Perkins School for the Blind Transition Center

Honoring My Limitations as an Autistic Entrepreneur

I am an autistic entrepreneur. That is a sentence I couldn’t have uttered that long ago. As far as the entrepreneurship part goes, I’ve run a business that I founded in 2013 called Autism Personal Coach. With the help of so many others, my company has turned into a business that is stable and growing ten years later. At Autism Personal Coach, we coach autistic adults and teens to get their needs met and desires fulfilled. Now in terms of my autistic identity, that’s something that I’ve more recently learned about. I first self-identified, then through professional assessment learned that I’m autistic in the last year.

Doug Blecher

Doug Blecher

I think, at least for me, learning about my autism has prompted the question, “I’m autistic, now can my life improve with this new information?” Ever since I can remember, I have been on a quest for self-growth and learning that I’m autistic has felt like a lightning bolt in terms of the speed I’m learning about myself. It’s been a framework to understanding myself. That framework has allowed me to understand that being autistic for me is about understanding and honoring my limitations. When I understand and honor these limitations, I have the opportunity to live a life beyond my greatest expectations.

As an entrepreneur you have to work hard for your business to survive and thrive, there really isn’t any way around that. However, I know in particular as an autistic entrepreneur it’s so easy to become burnt out no matter how much you love what you do. All of the hustle and bustle has made me realize that if I don’t honor my sensory needs, I’ll be of no use to my clients, staff, and to myself.

I used to have so many meetings in the community: networking meetings, meetings with my staff, meetings with clients, meetings with those that were interested in learning more about our coaching services. If someone requested a meeting I would almost always say yes and not think twice about it. Every time I go into the community, the amount of energy it takes me to drive to an appointment and deal with all of the sounds, lights, and visual stimuli just completely drains my energy.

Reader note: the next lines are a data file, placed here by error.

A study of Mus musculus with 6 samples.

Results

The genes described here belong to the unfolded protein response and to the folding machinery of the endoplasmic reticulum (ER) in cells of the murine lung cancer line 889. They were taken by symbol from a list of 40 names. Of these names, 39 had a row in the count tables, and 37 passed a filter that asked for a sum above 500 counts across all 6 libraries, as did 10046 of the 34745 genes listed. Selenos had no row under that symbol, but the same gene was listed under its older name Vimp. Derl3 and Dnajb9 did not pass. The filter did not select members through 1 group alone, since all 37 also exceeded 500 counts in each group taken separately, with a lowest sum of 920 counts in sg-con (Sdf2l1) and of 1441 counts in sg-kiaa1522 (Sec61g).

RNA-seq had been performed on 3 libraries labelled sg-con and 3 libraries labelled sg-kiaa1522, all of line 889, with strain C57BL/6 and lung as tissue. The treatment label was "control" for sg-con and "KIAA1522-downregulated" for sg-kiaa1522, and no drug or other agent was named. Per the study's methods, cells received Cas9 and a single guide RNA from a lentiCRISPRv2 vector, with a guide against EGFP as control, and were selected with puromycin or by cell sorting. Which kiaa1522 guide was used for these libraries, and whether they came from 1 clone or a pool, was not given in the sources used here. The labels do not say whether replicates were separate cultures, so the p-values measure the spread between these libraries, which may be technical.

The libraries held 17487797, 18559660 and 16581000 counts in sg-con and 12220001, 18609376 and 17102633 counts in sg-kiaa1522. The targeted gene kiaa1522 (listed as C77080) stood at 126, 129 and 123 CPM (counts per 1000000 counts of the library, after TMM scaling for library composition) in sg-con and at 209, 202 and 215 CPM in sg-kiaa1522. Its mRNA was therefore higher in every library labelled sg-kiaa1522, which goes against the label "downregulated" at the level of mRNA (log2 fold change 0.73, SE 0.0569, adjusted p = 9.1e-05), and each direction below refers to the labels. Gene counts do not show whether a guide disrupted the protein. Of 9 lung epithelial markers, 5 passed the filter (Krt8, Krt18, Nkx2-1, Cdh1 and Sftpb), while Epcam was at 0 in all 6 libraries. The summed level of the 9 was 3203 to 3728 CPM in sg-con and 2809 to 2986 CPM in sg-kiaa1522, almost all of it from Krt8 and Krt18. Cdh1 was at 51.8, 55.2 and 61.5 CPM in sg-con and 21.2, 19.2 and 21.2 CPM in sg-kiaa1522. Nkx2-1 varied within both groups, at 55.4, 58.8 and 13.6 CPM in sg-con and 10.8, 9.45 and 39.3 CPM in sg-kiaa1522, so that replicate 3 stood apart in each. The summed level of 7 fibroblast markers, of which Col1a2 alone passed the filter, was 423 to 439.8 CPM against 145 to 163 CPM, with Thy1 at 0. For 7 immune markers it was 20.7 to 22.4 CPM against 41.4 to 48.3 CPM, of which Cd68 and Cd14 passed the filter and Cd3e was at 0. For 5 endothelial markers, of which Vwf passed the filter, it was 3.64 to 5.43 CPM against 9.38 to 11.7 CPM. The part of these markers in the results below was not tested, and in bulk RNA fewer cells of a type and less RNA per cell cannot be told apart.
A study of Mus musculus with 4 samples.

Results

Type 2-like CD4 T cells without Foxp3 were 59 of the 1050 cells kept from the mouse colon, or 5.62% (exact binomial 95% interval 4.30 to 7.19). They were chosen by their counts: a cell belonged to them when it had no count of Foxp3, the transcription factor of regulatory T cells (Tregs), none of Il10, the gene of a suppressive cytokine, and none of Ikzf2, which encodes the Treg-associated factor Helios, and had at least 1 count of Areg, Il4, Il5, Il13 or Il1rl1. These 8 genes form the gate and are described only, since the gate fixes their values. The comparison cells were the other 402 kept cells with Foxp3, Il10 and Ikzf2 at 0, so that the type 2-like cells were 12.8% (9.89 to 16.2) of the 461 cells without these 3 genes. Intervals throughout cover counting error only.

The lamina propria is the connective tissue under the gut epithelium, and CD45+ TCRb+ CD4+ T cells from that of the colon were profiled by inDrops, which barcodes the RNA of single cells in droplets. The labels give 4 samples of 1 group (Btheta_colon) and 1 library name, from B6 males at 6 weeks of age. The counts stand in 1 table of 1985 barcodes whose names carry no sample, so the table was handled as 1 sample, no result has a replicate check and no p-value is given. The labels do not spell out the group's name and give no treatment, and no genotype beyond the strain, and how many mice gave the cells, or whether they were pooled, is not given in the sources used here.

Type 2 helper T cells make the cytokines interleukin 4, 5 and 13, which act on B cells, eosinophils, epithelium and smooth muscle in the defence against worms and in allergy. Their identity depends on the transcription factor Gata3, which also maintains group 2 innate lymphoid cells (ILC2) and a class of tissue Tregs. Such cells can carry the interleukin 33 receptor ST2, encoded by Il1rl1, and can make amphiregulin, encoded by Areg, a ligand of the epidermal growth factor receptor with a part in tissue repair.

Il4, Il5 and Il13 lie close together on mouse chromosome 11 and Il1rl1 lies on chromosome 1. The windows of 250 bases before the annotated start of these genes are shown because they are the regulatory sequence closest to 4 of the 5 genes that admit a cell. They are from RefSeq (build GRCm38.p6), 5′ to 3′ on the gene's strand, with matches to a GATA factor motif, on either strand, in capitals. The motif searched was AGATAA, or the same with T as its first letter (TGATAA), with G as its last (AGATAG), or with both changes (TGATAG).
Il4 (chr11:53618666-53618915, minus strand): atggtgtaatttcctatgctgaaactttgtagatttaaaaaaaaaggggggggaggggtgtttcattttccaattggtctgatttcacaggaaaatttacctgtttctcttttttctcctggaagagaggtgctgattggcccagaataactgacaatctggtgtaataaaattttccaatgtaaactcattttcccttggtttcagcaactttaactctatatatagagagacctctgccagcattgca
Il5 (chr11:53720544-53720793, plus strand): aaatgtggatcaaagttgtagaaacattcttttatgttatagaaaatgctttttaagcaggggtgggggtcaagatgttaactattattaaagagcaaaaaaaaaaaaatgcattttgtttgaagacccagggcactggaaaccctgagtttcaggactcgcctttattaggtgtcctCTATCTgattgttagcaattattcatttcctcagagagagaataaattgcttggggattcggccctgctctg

Since truly understanding my sensory needs for the first time I’ve had to advocate for myself. I have either dramatically cut back on these meetings or found other ways to connect with people that didn’t involve me going into the community. I must honor the limitations of my sensory differences.

One of the biggest realizations I have had since learning I am autistic is understanding my communication needs. I have discovered that processing information in spoken conversations and responding to this information is not only difficult, but incredibly draining. Due to processing things at a slower pace than most people, I need more time to formulate a response and that’s quite often impossible in these conversations because the demand of our world is to respond and respond quickly when talking with someone else.

Even if there isn’t an expectation to respond to someone, it still is exhausting, so much to take in. Then take that a step further in work conversations where I have to process the information and stay focused enough to give coherent responses. These challenges are why I have had to advocate for myself and make a few changes that have been incredibly helpful.

I have moved to more conversations with my staff that don’t require spoken language. An example of this is that I have started using Google Chat in meetings with some of my staff more often. I also am constantly using subtitles during Zoom meetings to conserve energy and stay focused and responsive to the person I am communicating with in these meetings. I must honor the limitations of my communication differences.

Learning about my autism has led me to be a much more successful entrepreneur. When people think of advocating for yourself at work to get the accommodations needed to be successful, I believe they rarely think about the boss or leader of an organization having to do so. However, I’m here to tell you that on a daily basis I have to advocate for my needs at work.

What that looks like for me is explaining my sensory and communication differences to my staff, clients, and all of those people who are interested in our coaching services. I have to not only explain those differences, but also ask for accommodations to allow me to better help them.

Every single time I advocate for my needs it’s a scary process. I worry about judgments and acceptance from others due to my low support needs and the lack of understanding that our society has about that. Almost every single time I don’t want to advocate for myself, but I always go back to why I’m advocating for myself.

Every time I advocate for myself and get what I need, I’m able to help so many other autistic people get what they need. That inspiration is quite often enough to push me forward to honor my limitations by allowing others to know what my limitations are. I am so excited to know that I am autistic and see where understanding and advocating for my limitations will lead me in the coming years.